Facebook’s News Feed has undergone its most drastic change since its inception way back in 2006. Apparently, it’s all in the name of creating consistency and eliminating clutter. But are Zuckerberg et al’s intentions pure? Or is there (maybe, just maybe) something else influencing the decision to redesign?
Facebook got hot
Facebook is no longer the dorky girl with thick-rimmed glasses you avoided in high school. Indeed, the new-and-improved News Feed is actually kind of taking people’s breath away as it descends the staircase, dolled up and ready for prom.
And while that metaphor might be strained, the changes to your News Feed means your eyes won’t be.
And it’s not just the happy snaps from your trip to the Big Banana that benefit from the soon-to-be-implemented changes. Links to articles, videos and other content are all given similar treatment, with associated images and summary content being enlarged and given a fresh sprinkling of magic design dust.
In a promo video for the new changes, one of Facebook’s employees says switching to the new feed is like “going from a little Trinitron 20-centimeter [sic] TV to buying a widescreen”.
Ironically, it was the small screen that inspired the changes in the first place.
From little things big things grow
When Zuckerberg announced the redesign last week, he explained that more people are accessing their Facebook accounts from mobile devices than desktops. This isn’t surprising, but it is important (especially when it comes to money, but I’ll get to that later).
Facebook is attempting to unify users’ experience across all of their devices in the same way that Apple’s OSX Lion borrowed key elements from its iOS software. Facebook is taking what’s worked on mobile and applying it to the desktop experience.
Filters aren’t just for Instagram
Not only have Facebook improved the look of the News Feed, they’ve recognised a key aspect of how people use Facebook to consume content, and introduced a nifty new feature in response. Scrolling through the rough to get to the diamonds in your feed will be a thing of the past thanks to the introduction of multiple feed options.
You can filter the content that appears on your feed by selecting from a bunch of options including photos, music, brands (that you follow) and groups. You can also choose the simple – but welcome addition – chronological news feed.
Blurring the line between ads and content
The same Facebook designer that gave us the delightful Trinitron analogy says he hopes the changes are going to be “something that most people don’t really notice” thanks to being “too busy enjoying the stories that their friends have shared with them”.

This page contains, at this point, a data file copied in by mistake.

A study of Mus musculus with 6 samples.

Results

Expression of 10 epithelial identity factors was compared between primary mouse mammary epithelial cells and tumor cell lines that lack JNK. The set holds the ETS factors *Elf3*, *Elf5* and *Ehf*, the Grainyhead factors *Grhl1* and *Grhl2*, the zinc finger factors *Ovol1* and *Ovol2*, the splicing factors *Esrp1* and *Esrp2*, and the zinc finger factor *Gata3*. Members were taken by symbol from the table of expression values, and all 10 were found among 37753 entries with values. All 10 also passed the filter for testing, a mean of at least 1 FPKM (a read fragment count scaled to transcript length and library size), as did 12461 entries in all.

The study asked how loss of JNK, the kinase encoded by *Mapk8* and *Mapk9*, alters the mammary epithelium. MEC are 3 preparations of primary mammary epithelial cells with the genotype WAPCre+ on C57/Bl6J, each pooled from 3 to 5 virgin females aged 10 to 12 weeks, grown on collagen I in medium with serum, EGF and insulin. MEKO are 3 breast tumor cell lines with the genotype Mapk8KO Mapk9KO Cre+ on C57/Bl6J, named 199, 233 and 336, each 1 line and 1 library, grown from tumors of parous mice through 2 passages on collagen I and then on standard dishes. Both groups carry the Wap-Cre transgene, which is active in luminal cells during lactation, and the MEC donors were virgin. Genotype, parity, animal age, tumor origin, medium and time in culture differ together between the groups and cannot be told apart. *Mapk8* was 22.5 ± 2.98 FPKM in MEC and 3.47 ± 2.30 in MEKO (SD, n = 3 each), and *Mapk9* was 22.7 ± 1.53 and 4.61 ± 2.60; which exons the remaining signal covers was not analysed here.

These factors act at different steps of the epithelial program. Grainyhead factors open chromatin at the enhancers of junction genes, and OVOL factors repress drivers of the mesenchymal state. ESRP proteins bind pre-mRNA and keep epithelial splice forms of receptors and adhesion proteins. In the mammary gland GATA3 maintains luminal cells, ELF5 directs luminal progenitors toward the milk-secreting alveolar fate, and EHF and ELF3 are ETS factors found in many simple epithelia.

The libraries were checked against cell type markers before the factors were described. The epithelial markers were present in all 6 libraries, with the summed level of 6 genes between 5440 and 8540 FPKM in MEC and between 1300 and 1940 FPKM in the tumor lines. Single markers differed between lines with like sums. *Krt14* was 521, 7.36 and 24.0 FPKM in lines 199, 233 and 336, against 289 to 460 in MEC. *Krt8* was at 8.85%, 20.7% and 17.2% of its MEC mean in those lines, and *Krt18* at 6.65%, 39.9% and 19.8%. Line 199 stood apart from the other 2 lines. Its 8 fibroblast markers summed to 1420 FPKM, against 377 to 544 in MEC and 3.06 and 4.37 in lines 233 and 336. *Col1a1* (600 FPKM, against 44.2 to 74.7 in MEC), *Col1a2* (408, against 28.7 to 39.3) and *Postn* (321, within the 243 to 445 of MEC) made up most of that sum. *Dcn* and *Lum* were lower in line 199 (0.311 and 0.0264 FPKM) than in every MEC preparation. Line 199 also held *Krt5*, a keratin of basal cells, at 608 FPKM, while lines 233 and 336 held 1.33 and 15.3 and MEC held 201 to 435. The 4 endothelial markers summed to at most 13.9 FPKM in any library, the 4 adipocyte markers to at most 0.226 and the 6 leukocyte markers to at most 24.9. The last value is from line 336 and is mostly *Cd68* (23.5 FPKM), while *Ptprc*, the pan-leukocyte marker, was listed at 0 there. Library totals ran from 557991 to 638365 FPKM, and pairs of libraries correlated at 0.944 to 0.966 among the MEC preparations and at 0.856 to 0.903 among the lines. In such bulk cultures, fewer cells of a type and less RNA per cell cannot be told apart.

While I’m sure his intentions are nothing but pure, one thing he neglected to mention was the way advertisements will be handled on the redesigned feed.
The last big change to the News Feed was the introduction of Sponsored Posts into the stream of content. Advertisements that used to live exclusively in the sidebar to the right of your feed began popping up among posts and photos from friends. At first glance these ads can often be mistaken for something other than promotional material.
With the changes to Facebook’s News Feed, ads will now be even more engaging (and look even more like content from your friends). A Facebook rep told Mashable that “Sponsored Posts will appear in-stream in the new News Feed just as they do in the current version, only ‘richer/bigger’”.
In one way this is great news for marketers, with the emphasis on visual content giving them a greater canvas upon which to paint their content and deliver their message. However, many would argue that they already had that for free in terms of posts from fan pages, until Facebook started to suppress them in favour of sponsored posts.
Time to take up arms?
Whether this is a moral grey area or not is beside the point. But it is worth noting that these updates are just the latest response to the pressure on Facebook to monetise rapidly following its IPO back in May 2012; whilst also highlighting the bloody battle raging in the mobile arena between Facebook, Google and every other company that wants a slice of the irresistible mobile marketing pie.
Don’t freak out: no one’s going demand you click on their ads at sword-point – although you never know, if brands do this right you might actually want to click on their ads. All that’s changed is that the average user needs to be more discerning when it comes to consuming content from the News Feed, and marketers need to be more engaging when producing their ads. Everything is essentially the same; it just looks a whole lot nicer.
(The new-look feed will presumably be rolled out to everyone shortly, but if you’re a serial early adopter you can sign up to get the new feed first here. Just watch out for those ads.)